News Blog

C of I students, staff volunteer at Huntington’s Disease walk

At The College of Idaho, students aren’t only mentored to be well-rounded individuals. They’re also prepared to become valued members of society and the local community. And sometimes that includes helping out beyond the campus community.

This fall, several C of I students and staff helped out at the Huntington’s Disease Society of America Team Hope Walk at Veterans Memorial Park in Boise, helping the society put on a successful event that raised more than $15,000.

“These students are so enthusiastic,” said Anne Spencer, the interfaith coordinator for C of I Campus Ministries. “When they come out, they really want to help.”

Spencer was once a genetic counselor at St. Luke’s Hospital, where she did pre-symptomatic testing for Huntington’s Disease (HD), an inherited brain disease that affects about 30,000 Americans. At that job, she got to know a lot of people with HD in the community. So in 2004, she held her first support group meeting for those with the disease.

“That’s been going strong for 11 years now, a lot of good friendships,” she said.

Out of that came the realization that more support was needed, so the support group affiliated with the national Huntington’s Disease Society of America, which helped with fundraising and providing services in southern Idaho. Four years ago, the first Team Hope Walk was held, and the participation has been growing since, with more than 200 runners and walkers this year.

The first year, the C of I International Student Organization helped put on the walk. When it was decided to add a 5K run, the C of I cross-country team stepped up to help mark the course and time the race.

“The students bring a lot of great energy to the event,” Spencer said. “And for the people who are there for the walk, people who are dealing with the disease, they feel that enthusiasm the students bring.”

Another group that helped at the event this year was the C of I chapter of Circle K International, the nation’s largest student-led community service organization. For Circle K President Tran Tran, it was her third time helping at the event. Her fellow Circle K members and she not only helped out at the walk, but also packaged more than 200 bags full of t-shirts and information for each runner.

“I like volunteering in general and helping people,” said Tran, who is also a mentor for first year international students at the C of I.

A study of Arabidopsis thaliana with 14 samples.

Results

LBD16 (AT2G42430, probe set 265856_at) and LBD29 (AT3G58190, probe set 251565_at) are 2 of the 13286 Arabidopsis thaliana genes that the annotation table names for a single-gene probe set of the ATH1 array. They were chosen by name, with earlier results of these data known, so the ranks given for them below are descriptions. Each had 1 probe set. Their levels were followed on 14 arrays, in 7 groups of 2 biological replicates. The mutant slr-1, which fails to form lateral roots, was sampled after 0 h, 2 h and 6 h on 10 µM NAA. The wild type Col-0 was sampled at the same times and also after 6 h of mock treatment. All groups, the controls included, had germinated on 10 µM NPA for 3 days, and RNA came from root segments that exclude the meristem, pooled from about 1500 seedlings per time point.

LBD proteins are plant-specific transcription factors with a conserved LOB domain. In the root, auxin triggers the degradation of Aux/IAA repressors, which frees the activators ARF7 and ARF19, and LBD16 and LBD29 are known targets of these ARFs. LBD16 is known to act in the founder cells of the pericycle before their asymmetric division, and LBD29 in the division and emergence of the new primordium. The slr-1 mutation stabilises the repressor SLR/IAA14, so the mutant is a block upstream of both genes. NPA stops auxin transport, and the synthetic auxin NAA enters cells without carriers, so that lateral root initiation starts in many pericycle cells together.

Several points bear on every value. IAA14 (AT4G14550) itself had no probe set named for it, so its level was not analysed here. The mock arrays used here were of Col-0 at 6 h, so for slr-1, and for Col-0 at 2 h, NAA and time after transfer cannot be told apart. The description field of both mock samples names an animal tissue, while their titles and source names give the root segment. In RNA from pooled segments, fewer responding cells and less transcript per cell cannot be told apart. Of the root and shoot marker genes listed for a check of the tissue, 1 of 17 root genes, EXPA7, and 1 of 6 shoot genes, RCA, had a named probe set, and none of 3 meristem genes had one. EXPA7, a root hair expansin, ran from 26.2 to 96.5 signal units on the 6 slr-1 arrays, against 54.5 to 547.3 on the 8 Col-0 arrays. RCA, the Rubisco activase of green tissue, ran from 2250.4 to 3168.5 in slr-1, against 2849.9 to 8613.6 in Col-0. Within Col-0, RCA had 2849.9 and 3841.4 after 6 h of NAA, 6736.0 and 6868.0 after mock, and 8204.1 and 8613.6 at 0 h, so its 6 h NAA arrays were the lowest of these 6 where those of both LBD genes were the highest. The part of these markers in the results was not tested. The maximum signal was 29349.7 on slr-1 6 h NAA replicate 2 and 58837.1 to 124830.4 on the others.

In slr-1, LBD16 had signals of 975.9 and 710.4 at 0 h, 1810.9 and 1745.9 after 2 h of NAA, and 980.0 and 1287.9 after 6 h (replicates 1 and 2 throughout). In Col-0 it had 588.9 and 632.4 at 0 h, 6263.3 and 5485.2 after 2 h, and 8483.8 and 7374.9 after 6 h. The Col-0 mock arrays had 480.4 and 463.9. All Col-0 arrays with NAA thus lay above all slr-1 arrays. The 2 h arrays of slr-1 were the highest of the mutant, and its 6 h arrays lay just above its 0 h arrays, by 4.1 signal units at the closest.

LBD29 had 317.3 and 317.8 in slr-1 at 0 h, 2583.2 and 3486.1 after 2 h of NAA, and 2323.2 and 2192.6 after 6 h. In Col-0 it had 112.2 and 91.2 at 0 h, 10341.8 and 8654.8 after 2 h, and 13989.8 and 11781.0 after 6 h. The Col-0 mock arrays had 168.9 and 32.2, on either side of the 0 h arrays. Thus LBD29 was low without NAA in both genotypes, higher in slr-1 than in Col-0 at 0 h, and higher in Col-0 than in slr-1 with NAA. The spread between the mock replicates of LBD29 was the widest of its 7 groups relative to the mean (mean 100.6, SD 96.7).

For Tran, volunteering opens the door to a variety of experiences and the chance to meet and connect with new people.

“I really treasure connections, so it is those connections with new people that I’m looking for when I volunteer,” Tran said.

And it’s those real life experiences, Spencer said, that help remind students of why they’re in school, especially those looking to go into the health profession. Students can get caught up in tests and papers and forget they want to be a doctor to help people, to be a vet to help animals, to become a counselor to make the world a better place. And volunteering can help shift that perspective back into focus. It is as Rabbi Joachim Prinz once said, “Neighbor is not a geographical term. It is a moral concept.”

“In some ways, that kind of sums it up, right?” Spencer said. “That people are here to look out for each other. I hope the students get that sense while they’re at the College.”

The College of Idaho has a 125-year-old legacy of excellence. The C of I is known for its outstanding academic programs, winning athletics tradition and history of producing successful graduates, including seven Rhodes Scholars, three governors, four NFL players and countless business leaders and innovators. Its distinctive PEAK Curriculum challenges students to attain competency in the four knowledge peaks of humanities, natural sciences, social sciences and a professional field—empowering them to earn a major and three minors in four years. The College’s close-knit, residential campus is located in Caldwell, where its proximity both to Boise and to the world-class outdoor activities of southwest Idaho’s mountains and rivers offers unique opportunities for learning beyond the classroom.  For more information, visit www.collegeofidaho.edu.